Longueval war memorial, on one side of the crossroads in the centre of the village.
While we’re in the village, and as this is a brief stop, time, I think, for a little scene-setting. Following the failures to the north of the Albert-Bapaume road on 1st July 1916, the British decided to concentrate much of their efforts to the south, where comparative successes had been achieved, and over the next two weeks the German village strongpoints of Mametz, Fricourt, Contalmaison and eventually La Boisselle would fall. The second phase of the Battle of the Somme would begin on 14th July, as the British attacked along a 6000 yard front from Bazentin to the west to Longueval and Delville Wood in the east.
The Battle of the Bazentin Ridge (see trench map below – those of you who are good at contours) would, however, see decidedly different tactics used from a fortnight earlier, not least the successful and undiscovered movement of troops into position under the noses of the Germans – a captured German officer was heard to remark that their failure to send out patrols to find out what the British were up to was down to the lack of surviving N.C.O.s to lead them following the previous two weeks’ fighting – and the total control of the skies above by the Royal Flying Corps. Unlike the disastrous offensive of 1st July, this attack would begin at dawn with a five-minute hurricane artillery bombardment prior to zero hour, followed by a creeping barrage using only high explosive shells with delayed action fuses, and on this occasion the early stages would prove a complete success.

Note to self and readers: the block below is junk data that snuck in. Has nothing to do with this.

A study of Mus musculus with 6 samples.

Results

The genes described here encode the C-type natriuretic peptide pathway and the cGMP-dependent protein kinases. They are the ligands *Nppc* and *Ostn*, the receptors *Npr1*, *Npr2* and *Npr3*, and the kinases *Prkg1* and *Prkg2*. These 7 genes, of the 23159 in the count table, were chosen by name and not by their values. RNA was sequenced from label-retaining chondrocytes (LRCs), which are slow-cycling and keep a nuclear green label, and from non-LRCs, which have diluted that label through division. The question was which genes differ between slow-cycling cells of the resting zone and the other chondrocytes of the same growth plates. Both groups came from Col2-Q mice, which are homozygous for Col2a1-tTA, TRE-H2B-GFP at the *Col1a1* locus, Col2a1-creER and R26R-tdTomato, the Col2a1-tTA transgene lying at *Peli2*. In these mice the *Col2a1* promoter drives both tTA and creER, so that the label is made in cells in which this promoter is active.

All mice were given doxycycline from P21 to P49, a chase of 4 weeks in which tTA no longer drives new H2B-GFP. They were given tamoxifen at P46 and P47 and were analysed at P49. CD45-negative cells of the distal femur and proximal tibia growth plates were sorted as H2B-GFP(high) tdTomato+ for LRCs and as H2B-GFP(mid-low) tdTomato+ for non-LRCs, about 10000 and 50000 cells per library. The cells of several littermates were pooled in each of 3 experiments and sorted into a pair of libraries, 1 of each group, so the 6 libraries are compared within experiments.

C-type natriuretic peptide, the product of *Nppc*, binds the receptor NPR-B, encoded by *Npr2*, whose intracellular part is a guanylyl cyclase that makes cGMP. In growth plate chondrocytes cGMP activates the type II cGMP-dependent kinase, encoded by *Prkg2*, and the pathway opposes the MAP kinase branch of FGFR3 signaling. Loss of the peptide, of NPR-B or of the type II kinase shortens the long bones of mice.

By ten in the morning of 14th July 9th Division, striking north and north east from Bernafay & Trones Woods (Trones Wood had only been taken the previous day by 18th (Eastern) Division at a final cost of 4000 casualties) on the right of the British attack, had achieved most of its objectives, including taking the southern half of Longueval village and reaching the southern outskirts of Delville Wood, although a German strongpoint at Waterlot Farm (see map) had yet to fall as the day neared its end. The following morning, 15th July, would see the 9th Division begin the attempt to take its second objectives; the capture of the rest of the village of Longueval, and the attack on Delville Wood itself.
Back to present day Longueval. On the other side of the village crossroads, this is the controversial Pipers Memorial, unveiled on 22nd July 2002, depicting a piper in the act of clambering out of a trench whilst playing his pipes to encourage the men around him.
That’s controversial, as in that it’s not really very good! In my opinion, anyway. And others. But we like the inscription. Lieutenant Ewart Alan Mackintosh MC, who wrote it, was killed in action on 21st November 1917 during the Battle of Cambrai, and is buried in Orival Wood Cemetery, near Flesquières.
The emblems of regiments who lost pipers during the Great War…
…are inset into two low brick walls behind the memorial.
Just to the east of the village, the infamous Delville Wood – the Devil’s Wood – which saw such terrible scenes during the summer of 1916, and which we shall visit shortly. It’s impossible to imagine what this peaceful scene would have looked like exactly one hundred years ago today, as the men of 9th Division reached the village, little knowing that many weeks of fighting lay ahead before it would finally be in their hands. Before we visit the wood, however, there’s a cemetery on the outskirts of the village in which more than 5500 men, many of whom were found on the battlefields hereabouts after the war, were buried together after the Armistice, and where we should go to pay our respects first.
The South African memorial ‘tucked away’ in Delville Wood is spectacular. Hope you show that?
Might do! You’ll just have to wait and see. Lol!